It is fairly common for a property owner to rent out a house that was formerly used as their principal private residence (‘PPR’). When this has taken place, the impact on PPR tax relief should be considered.
Principal private residence relief (‘PPR relief’)
PPR relief is generally available to shelter a gain on a property if it has been the main residence of the owner throughout ownership. If this has not been the case throughout ownership (for example, if the property has been let) then the PPR relief may need to be restricted, although no restriction is required for the last nine months if the property has been a PPR at some point. There are also certain other deemed periods of occupation which will not restrict the availability of the relief. These are:
• You are abroad by reason of your employment (unlimited time period);
• You are absent from the property as a result of working elsewhere, either as an employee or a self-employed trader (up to a maximum of four years);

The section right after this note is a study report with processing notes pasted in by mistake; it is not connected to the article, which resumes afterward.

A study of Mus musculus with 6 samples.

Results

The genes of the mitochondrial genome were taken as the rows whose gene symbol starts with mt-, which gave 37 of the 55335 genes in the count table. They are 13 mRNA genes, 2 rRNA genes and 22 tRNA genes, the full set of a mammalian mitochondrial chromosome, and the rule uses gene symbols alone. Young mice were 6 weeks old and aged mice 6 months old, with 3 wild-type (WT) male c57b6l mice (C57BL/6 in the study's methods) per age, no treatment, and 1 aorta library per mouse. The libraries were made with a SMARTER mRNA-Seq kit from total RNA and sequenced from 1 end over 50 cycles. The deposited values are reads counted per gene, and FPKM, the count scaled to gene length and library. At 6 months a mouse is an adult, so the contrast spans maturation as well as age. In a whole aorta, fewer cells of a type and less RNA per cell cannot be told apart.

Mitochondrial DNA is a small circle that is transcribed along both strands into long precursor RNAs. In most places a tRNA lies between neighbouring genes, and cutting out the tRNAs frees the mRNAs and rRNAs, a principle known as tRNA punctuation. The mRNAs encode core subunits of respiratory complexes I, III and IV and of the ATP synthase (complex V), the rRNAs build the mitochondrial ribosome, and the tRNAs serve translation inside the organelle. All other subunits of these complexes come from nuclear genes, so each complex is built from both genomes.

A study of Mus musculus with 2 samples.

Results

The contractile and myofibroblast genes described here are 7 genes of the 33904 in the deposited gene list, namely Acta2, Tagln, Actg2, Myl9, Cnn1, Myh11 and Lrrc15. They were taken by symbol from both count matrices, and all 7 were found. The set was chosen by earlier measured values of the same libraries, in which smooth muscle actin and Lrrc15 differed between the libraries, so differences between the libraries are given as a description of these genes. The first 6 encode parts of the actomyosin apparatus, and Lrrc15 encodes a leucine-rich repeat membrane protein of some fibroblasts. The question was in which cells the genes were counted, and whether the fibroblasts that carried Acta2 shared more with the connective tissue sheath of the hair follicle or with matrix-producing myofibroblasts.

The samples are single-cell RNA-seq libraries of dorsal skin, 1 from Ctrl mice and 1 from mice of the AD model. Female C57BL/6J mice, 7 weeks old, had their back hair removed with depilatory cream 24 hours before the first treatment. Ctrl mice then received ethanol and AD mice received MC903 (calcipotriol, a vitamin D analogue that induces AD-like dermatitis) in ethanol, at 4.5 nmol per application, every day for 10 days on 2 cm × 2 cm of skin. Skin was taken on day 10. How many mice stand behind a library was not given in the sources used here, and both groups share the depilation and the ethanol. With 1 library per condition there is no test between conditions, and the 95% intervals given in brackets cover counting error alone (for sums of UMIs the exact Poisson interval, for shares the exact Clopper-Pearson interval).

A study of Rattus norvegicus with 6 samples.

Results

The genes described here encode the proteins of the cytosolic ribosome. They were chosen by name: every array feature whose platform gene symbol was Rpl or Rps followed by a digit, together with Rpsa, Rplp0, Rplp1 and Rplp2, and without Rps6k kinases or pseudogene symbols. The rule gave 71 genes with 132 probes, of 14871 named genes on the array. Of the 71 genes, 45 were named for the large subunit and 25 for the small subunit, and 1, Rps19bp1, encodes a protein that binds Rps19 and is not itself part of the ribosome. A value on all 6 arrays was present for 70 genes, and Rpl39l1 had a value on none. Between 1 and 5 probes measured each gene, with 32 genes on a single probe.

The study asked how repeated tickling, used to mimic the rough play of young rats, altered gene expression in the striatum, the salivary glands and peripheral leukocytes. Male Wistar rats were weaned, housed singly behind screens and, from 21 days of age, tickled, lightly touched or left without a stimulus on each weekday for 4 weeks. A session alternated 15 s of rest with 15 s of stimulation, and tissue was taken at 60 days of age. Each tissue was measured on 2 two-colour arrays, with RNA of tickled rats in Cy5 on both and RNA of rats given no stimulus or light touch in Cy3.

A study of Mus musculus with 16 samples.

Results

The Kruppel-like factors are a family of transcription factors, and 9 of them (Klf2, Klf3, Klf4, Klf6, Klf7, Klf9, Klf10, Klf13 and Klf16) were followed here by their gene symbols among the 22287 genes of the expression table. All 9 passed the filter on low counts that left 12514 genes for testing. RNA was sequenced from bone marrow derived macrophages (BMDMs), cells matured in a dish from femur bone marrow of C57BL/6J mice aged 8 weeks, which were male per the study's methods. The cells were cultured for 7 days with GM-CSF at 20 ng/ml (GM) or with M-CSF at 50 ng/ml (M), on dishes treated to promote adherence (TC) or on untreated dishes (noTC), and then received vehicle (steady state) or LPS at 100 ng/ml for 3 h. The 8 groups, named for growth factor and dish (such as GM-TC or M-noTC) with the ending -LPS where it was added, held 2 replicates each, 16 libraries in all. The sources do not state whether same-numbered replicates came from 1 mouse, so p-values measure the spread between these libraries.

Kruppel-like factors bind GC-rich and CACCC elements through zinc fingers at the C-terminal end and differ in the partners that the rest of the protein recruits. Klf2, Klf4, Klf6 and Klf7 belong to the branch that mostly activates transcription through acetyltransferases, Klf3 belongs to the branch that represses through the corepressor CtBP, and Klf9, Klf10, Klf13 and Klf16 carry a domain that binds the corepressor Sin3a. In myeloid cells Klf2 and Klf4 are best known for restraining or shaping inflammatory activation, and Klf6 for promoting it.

• You are absent from the property for any reason, up to a maximum of three years.
These are only deemed periods of occupation if you live in your house both before and after the absence.
Karen disposed of a house that she had owned for 3,000 days on 20 January 2023. For the last 650 of those days she let the property to a third-party tenant. She made a £600,000 gain on the property. Here 2,625 (number of days let that are not in the last nine months)/3,000 of the gain (or £525,000) should qualify for PPR relief, leaving £75,000 still chargeable. As a residential gain, any gain remaining after Karen’s annual exemption will be taxable at 28% (assuming that Karen is a higher rate taxpayer).
The position here would be different if Karen had moved back into the house. In this case she would be able to make use of the three-year absence rule above and, as 650 days is less than three years, there would be no restriction and so full PPR relief would be available.
Forbes Dawson view
This point is now more relevant since lettings relief was abolished (for most cases) from 6 April 2020. The tax saving would need to be quite significant to change people’s behaviour (would a £21,000 saving in the above example be enough?) However, I am sure that they would appreciate understanding the position before, rather than after the sale, when they would be in a position to improve the position.